Applauding the Never-Give-Up Spirit

Let’s give a standing ovation to women in U.S. history whose never-give-up spirit makes our lives incredibly easier today. The Wi-Fi and Bluetooth technology you use every day? A woman originally invented it in 1941. The dishwasher in the company’s break room? The first practical dishwasher was invented by a woman in 1886. The Scotchgard® that protects the office furniture? A female 3M chemist developed the fabric stain repellant in 1956.

We at Midwest Maintenance Company join you in applauding these women—both famous and rather unknown—as part of Women’s History Month. Did you know that American women through the decades have invented everything from non-reflective glass, the first word processor and business computer software to the electric hot water heater, central heating and Kevlar® body armor?


Countless women in history have modeled innovative thinking and stick-to-it tenacity as they developed their ideas into invaluable products and services. These ladies remained steadfast in bringing their imaginative ideas to life in a culture that often downplayed the truth that women are equally capable of brilliance, problem-solving and entrepreneurship.

From an extensive list of female inventors, scientists, chemical engineers and more go-getters, we present the following two: Hedy Lamarr and Frances Gabe.

HEDY LAMARR (1914-2000)

Originally from Vienna, Austria, Hedy Lamarr grew up taking long walks with her bank director father who piqued her curiosity with discussions about the inner workings of machines such as the printing press and street cars. At age 5, Hedy took apart and reassembled her music box to understand how the device operated.

But at age 16, Hedy’s beauty captured center stage and regulated her brilliant mind to a backrow seat. A prominent theater and film director began placing her in German films. Her increasing popularity as an actress led to her marrying an adoring fan and Austrian munitions dealer. Hedy was forced to host dinner parties for many of her ultra-wealthy husband’s friends and disreputable business partners, including Nazi party members—reportedly Hitler and Mussolini among them. Escaping her oppressive marriage, Hedy escaped to London where she met Louis B. Mayer of the legendary MGM Studios. This meeting served as her ticket to Hollywood where she soon enthralled American movie audiences with her beauty, elegance and accent. At one point, Hedy was called the most beautiful woman in the world.


With her scientific mind bottled up by her acting career, Hedy dated businessman and pilot Howard Hughes who gave her inventing equipment to use in her trailer on set. Between film takes, Hedy worked on her own innovations. Her inventive mind created an improved stoplight and a dissolve-in-water tablet that produce soda similar to Coca-Cola®.

Hedy engineered her most significant invention as America was heading into World War II. She gained insights about wartime weaponry from conversations with notable guests back in Austria. Hedy and friend music composer and pianist George Antheil collaborated on a secretive communication system to guide torpedoes to their wartime targets—without being detected by the enemy. Their invention of radio wave frequency or channel hopping blocked the interception of radio messages.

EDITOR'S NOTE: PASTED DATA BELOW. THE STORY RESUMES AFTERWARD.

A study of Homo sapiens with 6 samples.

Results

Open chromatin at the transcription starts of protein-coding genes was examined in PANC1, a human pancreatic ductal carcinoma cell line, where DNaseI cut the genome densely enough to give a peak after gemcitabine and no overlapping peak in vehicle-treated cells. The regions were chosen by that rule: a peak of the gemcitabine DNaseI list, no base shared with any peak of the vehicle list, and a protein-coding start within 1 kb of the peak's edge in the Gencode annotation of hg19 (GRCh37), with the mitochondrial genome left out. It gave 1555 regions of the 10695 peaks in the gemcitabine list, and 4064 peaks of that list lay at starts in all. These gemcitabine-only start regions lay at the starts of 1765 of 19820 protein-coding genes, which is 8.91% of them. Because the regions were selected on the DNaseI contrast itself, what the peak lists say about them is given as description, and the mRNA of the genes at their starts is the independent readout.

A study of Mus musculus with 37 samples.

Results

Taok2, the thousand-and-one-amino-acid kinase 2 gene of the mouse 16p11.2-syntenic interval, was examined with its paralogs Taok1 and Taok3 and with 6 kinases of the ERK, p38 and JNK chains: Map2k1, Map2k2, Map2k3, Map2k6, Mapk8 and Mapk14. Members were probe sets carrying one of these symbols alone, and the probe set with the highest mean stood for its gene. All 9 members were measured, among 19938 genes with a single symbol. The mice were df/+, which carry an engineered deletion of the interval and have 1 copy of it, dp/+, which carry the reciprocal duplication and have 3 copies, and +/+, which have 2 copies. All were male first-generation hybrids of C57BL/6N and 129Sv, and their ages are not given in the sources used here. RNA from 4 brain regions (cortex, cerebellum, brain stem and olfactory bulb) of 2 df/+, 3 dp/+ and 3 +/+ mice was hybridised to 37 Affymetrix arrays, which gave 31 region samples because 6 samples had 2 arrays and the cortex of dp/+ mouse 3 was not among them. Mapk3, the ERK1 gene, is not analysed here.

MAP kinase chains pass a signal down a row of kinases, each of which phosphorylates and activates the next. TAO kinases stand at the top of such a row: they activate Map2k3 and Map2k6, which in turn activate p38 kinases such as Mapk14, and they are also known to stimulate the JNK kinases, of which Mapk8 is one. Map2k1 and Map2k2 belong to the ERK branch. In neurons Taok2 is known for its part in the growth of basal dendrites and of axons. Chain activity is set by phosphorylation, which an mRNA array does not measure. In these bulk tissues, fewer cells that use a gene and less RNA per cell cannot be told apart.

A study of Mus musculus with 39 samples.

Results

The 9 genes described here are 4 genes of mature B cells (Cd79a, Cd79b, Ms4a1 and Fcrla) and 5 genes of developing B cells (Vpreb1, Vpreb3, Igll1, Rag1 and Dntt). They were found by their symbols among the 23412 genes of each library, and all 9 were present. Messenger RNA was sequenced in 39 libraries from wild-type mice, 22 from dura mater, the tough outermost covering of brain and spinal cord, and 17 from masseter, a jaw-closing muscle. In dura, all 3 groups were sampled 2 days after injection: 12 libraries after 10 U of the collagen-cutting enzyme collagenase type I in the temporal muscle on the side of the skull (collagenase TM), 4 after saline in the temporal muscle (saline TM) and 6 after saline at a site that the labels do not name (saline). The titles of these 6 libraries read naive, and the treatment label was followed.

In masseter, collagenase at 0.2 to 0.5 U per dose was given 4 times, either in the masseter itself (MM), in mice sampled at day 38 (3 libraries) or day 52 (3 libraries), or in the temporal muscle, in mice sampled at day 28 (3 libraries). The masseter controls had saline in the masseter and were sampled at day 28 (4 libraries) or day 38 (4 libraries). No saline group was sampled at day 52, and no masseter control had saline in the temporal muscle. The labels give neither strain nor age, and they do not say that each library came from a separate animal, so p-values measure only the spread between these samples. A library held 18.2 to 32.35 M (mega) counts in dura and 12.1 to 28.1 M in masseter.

While Hedy never saw a penny from her patented military-use invention, she became a U.S. citizen in 1953 and was inducted into the National Inventors Hall of Fame after her death in 2000. Because of her brilliant achievement, Hedy is considered “the mother of Wi-Fi” and the original inventor of digital communications such as cellphones, fax machines, Bluetooth and GPS. Thank you, Hedy!

FRANCES GABE (1915–2016)

Artist and housewife Frances Gabe once called cleaning a “thankless, unending job, a nerve-twangling bore,” and she vowed to simplify housecleaning for everyone, but particularly those with physical limitations. Frances told People magazine in a 1982 article that “I want to eliminate all unnecessary motion so that handicapped and elderly people can care for their homes themselves. My system will allow people to do so by pushing a few buttons.”

Frances received a 1984 patent for designing a “self-cleaning building construction,” similar to a tiny home in which nearly 70 different devices worked in harmony to clean the mini house. An apparatus applied a fine mist of water or water/detergent to walls, floors and ceiling. A warm air dryer turned on as sloping floors directed excess moisture down a drain. A hatch in a wall deposited trash down a chute to the garbage can. A chain pulley system washed and dried clothes on hangers, moving the clothing through a washing closet, dryer station and finally a storage closet.

Frances’ goal was to save time, energy and space. She sketched, tested and tweaked her self-cleaning house over 20 years before she had to move into an assisted living center. Although Frances invention did not make it to mass market, a model of her self-cleaning home is preserved at the Hagley Museum and Library in Wilmington, Delaware.


Never underestimate anyone’s ideas, genius or never-give-up spirit. A flip of a switch and your house is dust-free and spot-free? Perhaps someday an inspiring inventor will continue where Frances left off. In the meantime, you can use your Hedy-inspired cellphone or computer to contact us at Midwest Maintenance Company to assess your business for free and suggest the best options for customized cleaning services.

Give us a call for a free estimate at 1.866.866.5850.